The wife of the founder of Interlogic Outsourcing, Inc. says in court documents that she had no prior knowledge of her husband’s alleged fraud and that she expects him to soon be “criminally prosecuted.”
Nancy Khan filed for an order in Cass County stipulating that neither she nor her husband, Najeeb Khan, sell any assets without permission of the other, and a judge this week granted her request. The couple own a home in Edwardsburg.
Najeeb Khan, who founded IOI in Elkhart in 2003, has been accused of a multimillion-dollar fraud involving tax withholding money for clients. IOI handles payroll and other human resources functions for hundreds of companies nationwide.
The fraud allegations came to light last month, after a massive overdraft by IOI through KeyBank and a subsequent lawsuit by the bank.
“Approximately 30 days ago, I learned through my husband and his attorney that my husband had been involved in a multimillion dollar fraud,” Nancy Khan said in a legal filing Tuesday. “I had no knowledge of the alleged fraud nor did I participate in the actions of which he is being accused.”
She also said in the documents, “I believe my husband will imminently be criminally prosecuted for the fraudulent scheme.”
In addition, Nancy Khan expressed concerns that her husband is trying to sell off assets.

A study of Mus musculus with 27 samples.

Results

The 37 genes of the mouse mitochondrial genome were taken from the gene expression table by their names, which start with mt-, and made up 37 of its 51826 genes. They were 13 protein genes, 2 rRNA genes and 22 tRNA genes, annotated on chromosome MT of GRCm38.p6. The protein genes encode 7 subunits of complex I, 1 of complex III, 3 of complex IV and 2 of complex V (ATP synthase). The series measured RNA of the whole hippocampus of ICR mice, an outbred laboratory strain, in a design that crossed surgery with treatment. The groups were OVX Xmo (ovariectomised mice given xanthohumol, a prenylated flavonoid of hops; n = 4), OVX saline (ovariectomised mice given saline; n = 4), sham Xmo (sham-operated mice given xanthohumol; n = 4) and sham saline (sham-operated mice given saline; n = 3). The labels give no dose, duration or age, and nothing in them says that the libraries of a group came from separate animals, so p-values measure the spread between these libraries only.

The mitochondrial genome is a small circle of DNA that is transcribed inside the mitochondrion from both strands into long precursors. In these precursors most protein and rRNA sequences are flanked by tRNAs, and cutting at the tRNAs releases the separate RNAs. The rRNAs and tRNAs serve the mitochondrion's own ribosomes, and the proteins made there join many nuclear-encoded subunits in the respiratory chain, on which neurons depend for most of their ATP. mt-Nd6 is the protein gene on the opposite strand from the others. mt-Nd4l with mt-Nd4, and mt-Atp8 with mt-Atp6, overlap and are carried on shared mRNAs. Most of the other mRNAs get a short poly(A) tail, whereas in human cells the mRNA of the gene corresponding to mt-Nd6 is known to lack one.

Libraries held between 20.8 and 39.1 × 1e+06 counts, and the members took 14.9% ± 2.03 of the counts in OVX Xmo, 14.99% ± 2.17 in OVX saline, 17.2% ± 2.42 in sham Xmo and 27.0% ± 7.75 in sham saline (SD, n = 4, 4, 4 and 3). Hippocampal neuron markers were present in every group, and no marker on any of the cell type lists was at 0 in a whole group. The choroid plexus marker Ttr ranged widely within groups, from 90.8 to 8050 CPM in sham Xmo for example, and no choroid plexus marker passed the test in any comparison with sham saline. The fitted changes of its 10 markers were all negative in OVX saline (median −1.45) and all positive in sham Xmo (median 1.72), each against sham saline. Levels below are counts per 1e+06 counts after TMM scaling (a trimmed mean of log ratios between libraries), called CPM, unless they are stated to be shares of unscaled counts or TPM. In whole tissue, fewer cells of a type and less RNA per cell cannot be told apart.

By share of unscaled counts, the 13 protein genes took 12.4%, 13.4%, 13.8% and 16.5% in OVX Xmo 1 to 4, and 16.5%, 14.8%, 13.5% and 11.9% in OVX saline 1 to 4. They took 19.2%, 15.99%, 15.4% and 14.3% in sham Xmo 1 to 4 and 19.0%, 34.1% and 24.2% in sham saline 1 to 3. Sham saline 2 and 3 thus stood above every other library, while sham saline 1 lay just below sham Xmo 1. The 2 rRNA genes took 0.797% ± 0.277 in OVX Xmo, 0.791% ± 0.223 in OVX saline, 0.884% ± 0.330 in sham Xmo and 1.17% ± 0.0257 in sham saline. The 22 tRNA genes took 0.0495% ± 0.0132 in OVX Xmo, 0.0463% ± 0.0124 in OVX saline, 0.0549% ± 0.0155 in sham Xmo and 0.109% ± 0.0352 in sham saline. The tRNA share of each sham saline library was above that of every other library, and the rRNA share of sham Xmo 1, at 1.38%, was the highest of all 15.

“I learned just hours ago that … my husband cooperated with KeyBank for the sale of an aircraft that I believe is marital property,” the filing says. “I am fearful that similar liquidation of marital assets are underway.”
Khan owns a pair of airplanes based at the Elkhart Municipal Airport — a 2008 Cessna Model 560 jet that can seat nine people and a 1975 Cessna Model 421B — according to public records. He also owns several classic luxury cars and homes in Florida and Arizona.
Khan’s assets were already frozen as a part of the KeyBank lawsuit. But that freeze stipulated Khan could still sell property and assets with KeyBank’s permission to pay back the bank.
Now, Nancy Khan’s legal filing also freezes those assets without “a mutual agreement of the parties in writing.”
Nancy Khan's lawyer, Richard Roane, said in a statement to The Tribune that his client "still loves her husband and is not asking for a divorce."
"She was blindsided to learn of the alleged fraud," the statement said. "As you can imagine, this is deeply personal and painful for my client. She extends her concern to the other innocent parties who have been caught up in this extremely unfortunate situation."
IOI declared Chapter 11 bankruptcy over the weekend, after Khan stepped down as CEO last month. New leaders were brought in to prepare the company for a possible sale.
The new head of the company said in bankruptcy filings that Khan pursued a “sophisticated scheme” of financial mismanagement for years. KeyBank has accused Najeeb Khan of a $122 million overdraft. Several clients have complained that money withheld by IOI for taxes was never forwarded to the Internal Revenue Service or state tax agencies.
How much money is owed to clients remains unclear, and IOI attorneys said in a bankruptcy hearing Wednesday that they still don’t know the amount of money clients lost.